The Covid-19 pandemic has generated enormous uncertainty around the world. Company boards are re-assessing the risk of being exposed to the current complex supply chains and individual countries, including those in Europe and the USA. To date, there has been concern that, for example, up to 97% of antibiotics are sourced from China (as highlighted by the Council for Foreign Relations).

A 2 min video considers the potential for the end of ‘hyper globalisation’

The complex nature of global supply chains has encouraged companies to turn to technologies such as Blockchain- powered platforms, such as Tradelens (backed by the shipping giant Maersk and IBM) or Oracle’s CargoSmart, in order to improve efficiency, cut 

costs and fraud and therefore hopefully lead to more transparency and trust. The era of hyper-globalisation (1990–2008) was where we saw production being moved to low wage countries, thus helping to drive down inflation. The fall of the iron curtain, China joining the World Trade Organisation and adoption of ‘containerisation’ (which now accounts for 60% of the value of seaborne trade) all fuelled the race to globalisation. The Centre for Economic Policy Research (CEPR), which is a network of universities and over 1,300 researchers, claims firms are reassessing business models which rely on global supply chains. These business models are also being changed due to increased use of robots and additive manufacturing, which are bringing factories and jobs back to more developed countries.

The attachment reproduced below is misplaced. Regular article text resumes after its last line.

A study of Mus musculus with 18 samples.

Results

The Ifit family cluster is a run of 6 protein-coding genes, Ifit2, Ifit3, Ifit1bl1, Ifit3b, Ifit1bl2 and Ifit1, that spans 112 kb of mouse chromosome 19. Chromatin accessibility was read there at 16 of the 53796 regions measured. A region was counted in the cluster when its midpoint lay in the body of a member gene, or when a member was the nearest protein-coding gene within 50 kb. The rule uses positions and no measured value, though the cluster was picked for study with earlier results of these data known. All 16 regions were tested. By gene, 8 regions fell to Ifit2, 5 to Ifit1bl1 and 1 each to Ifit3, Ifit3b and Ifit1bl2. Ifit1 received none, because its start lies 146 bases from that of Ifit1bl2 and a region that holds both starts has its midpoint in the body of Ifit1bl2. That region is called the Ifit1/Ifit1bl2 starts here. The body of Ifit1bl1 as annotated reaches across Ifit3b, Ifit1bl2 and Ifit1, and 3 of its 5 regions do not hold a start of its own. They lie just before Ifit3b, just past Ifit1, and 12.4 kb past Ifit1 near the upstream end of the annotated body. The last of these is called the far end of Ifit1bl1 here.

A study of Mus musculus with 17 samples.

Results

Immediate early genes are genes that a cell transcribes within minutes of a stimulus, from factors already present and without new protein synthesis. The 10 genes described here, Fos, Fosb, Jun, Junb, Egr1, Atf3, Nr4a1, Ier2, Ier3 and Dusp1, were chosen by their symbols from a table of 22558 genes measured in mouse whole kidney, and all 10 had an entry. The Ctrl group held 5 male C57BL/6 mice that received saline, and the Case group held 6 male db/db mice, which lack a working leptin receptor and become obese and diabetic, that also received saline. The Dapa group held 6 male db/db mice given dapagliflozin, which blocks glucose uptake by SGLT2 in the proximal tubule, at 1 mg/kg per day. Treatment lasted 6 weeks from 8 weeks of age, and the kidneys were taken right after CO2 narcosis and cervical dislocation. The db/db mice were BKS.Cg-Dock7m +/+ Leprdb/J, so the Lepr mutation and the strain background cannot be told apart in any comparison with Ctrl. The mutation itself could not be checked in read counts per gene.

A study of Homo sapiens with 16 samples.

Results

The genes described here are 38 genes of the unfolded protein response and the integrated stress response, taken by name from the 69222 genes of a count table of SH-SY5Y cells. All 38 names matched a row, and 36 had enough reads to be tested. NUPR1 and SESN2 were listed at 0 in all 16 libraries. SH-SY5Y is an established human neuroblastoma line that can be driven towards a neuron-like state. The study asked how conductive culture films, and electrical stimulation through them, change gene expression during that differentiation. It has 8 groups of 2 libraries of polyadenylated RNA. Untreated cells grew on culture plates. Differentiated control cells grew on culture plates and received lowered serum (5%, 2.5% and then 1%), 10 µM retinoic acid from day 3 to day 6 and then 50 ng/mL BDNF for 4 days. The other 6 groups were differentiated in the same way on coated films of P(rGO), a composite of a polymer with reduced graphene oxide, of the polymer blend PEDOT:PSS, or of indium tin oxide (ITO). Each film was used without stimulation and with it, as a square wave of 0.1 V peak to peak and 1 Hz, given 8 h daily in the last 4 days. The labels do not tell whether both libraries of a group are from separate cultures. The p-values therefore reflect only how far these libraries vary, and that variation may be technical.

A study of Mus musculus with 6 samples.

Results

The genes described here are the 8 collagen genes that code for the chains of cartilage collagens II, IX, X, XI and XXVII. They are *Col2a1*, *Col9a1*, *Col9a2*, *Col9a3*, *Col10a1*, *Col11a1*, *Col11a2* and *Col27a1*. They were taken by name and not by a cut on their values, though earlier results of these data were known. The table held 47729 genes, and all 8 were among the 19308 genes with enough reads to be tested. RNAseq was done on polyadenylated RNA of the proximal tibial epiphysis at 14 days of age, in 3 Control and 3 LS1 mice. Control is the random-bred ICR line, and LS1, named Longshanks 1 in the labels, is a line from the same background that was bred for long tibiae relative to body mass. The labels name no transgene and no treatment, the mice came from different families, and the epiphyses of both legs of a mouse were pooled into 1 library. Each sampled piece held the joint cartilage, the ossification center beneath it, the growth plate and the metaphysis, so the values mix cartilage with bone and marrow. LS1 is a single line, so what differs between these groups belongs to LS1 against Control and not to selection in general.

The era of hyper-globalisation, according to the CEPR, came to an abrupt end in the Global Crisis of 2008/2009, subsequently due to a wave of uncertainty that had been triggered in the world economy. Between 2008 and the euro sovereign area debt crisis in 2012, Bretton Woods had a huge impact on the post-World War 2 global economy in encouraging global trade, as did the IMF and the World Bank (both of which are heavily influenced by America where they are based) The questions is - how relevant are they still? It would appear that as nationalism is on the increase, both witnessed by Trump’s “make America great again” and BREXIT in the UK, technology is making old jobs redundant, thus altering the world of work -  is this going to force politicians to focus more on the task of retraining workers and less on global trade?